After four months of disappointing data, there were signs of stabilization in the latest manufacturing production report. Output in the sector increased 0.2 percent in May after falling 0.5 percent in April. Yet, the data also reflect the toll from slowing global activity year to date. In fact, manufacturing production has risen just 0.7 percent over the past 12 months.
Looking ahead, the current forecast is for manufacturing production (NAICS) to rise 1.2 percent in 2019, down from 2.7 percent in 2018. This would suggest some improvement in output data in the coming months, but at a pace that remains somewhat soft.
Job openings in the manufacturing sector jumped from 461,000 in March to 501,000 in April, matching the all-time high in August and November 2018. This suggests that manufacturers are continuing to look for talent, even as other measures of hiring have slowed recently. On that score, business leaders in the sector remain challenged in their ability to attract and retain workers.
Meanwhile, there were 7,449,000 nonfarm job openings in April, which continued to be close to the all-time high in January (7,625,000). In addition, there continued to be more job openings in the U.S. economy than the number of people looking for work for the 14th straight month. That suggests there were roughly 1.6 million more job postings than there were unemployed people to fill them in April.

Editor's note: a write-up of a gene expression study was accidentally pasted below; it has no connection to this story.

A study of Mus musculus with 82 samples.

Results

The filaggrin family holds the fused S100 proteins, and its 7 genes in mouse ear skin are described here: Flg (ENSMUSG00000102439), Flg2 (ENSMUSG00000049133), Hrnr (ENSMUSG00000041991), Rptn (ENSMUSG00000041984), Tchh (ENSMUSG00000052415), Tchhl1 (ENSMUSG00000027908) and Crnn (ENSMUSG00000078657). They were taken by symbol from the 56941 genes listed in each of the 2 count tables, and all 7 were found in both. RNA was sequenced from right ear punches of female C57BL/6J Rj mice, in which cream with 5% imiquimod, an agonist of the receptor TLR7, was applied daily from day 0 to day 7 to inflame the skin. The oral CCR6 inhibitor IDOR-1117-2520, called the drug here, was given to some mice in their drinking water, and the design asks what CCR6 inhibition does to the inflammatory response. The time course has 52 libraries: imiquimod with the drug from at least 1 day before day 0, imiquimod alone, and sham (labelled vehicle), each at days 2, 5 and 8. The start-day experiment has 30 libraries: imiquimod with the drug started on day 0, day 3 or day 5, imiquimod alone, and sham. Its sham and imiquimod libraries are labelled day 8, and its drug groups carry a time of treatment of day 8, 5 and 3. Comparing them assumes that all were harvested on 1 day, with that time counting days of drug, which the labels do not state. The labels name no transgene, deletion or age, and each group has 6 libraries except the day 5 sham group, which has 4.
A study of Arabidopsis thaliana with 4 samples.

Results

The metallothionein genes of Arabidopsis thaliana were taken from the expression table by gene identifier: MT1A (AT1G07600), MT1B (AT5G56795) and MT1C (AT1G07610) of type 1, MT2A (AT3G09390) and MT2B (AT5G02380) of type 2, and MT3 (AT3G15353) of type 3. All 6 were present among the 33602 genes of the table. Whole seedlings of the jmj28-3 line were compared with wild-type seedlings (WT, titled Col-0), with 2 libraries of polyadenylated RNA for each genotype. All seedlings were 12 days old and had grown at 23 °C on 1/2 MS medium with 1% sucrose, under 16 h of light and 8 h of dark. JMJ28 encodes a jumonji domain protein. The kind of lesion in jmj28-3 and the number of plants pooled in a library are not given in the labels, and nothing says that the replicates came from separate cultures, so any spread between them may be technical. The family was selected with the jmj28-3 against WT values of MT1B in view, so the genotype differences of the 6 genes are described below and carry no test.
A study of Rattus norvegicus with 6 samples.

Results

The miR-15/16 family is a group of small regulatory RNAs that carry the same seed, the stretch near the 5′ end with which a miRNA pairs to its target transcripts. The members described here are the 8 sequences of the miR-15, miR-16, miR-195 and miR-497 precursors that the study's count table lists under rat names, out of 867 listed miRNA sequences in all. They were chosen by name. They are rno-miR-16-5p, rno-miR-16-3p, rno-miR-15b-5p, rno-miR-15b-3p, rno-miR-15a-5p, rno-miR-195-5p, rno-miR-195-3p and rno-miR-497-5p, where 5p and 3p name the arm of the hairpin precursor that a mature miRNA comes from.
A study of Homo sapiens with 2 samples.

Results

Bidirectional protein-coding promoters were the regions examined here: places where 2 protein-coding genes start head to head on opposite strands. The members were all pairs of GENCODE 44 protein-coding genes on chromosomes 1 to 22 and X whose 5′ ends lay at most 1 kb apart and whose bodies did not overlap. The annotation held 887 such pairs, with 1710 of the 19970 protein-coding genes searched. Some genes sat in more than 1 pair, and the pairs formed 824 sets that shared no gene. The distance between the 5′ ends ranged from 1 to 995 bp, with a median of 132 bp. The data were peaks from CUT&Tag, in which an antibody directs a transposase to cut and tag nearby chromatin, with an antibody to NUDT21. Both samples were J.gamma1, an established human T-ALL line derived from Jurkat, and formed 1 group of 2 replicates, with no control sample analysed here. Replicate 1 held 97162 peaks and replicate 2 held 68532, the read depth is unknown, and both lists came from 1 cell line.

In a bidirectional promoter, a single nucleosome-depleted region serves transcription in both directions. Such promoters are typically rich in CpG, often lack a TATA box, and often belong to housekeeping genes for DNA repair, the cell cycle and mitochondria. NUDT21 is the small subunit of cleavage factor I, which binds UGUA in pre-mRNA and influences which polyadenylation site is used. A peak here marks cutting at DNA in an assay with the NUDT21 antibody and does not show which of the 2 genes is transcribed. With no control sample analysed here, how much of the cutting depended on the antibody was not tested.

The National Federation of Independent Business reported that the Small Business Optimism Index rose to the best reading since October, up from 103.5 in April to 105.0 in May. It was the fourth consecutive monthly increase in sentiment, and despite softening from August’s all-time high (108.8), small businesses remain upbeat overall. Workforce issues remained the top “single most important problem,” with job openings near an all-time high for small firms.
Retail sales strengthened in May, up 0.5 percent, and more importantly, the April data were revised from a decline of 0.2 percent to a gain of 0.3 percent. Over the past 12 months, retail sales have risen 3.2 percent. Moving forward, retail sales are seen expanding a modest 3.0 percent in 2019, down from 4.7 percent in 2018.
Consumer and producer prices inched up in May, but overall, core inflation has slowed from the more elevated pace seen last summer and autumn. That has been welcome news for manufacturers, but it also provides flexibility for the Federal Reserve, especially as it considers possible rate cuts in the coming months.
Along those lines, the Federal Open Market Committee could cut short-term rates at its June 18-19 meeting, or it could wait until it receives more data between now and its next meeting on July 30-31. Market analysts will parse the phrasing of the Federal Reserve’s statement for clues on the economic outlook and on possible future actions.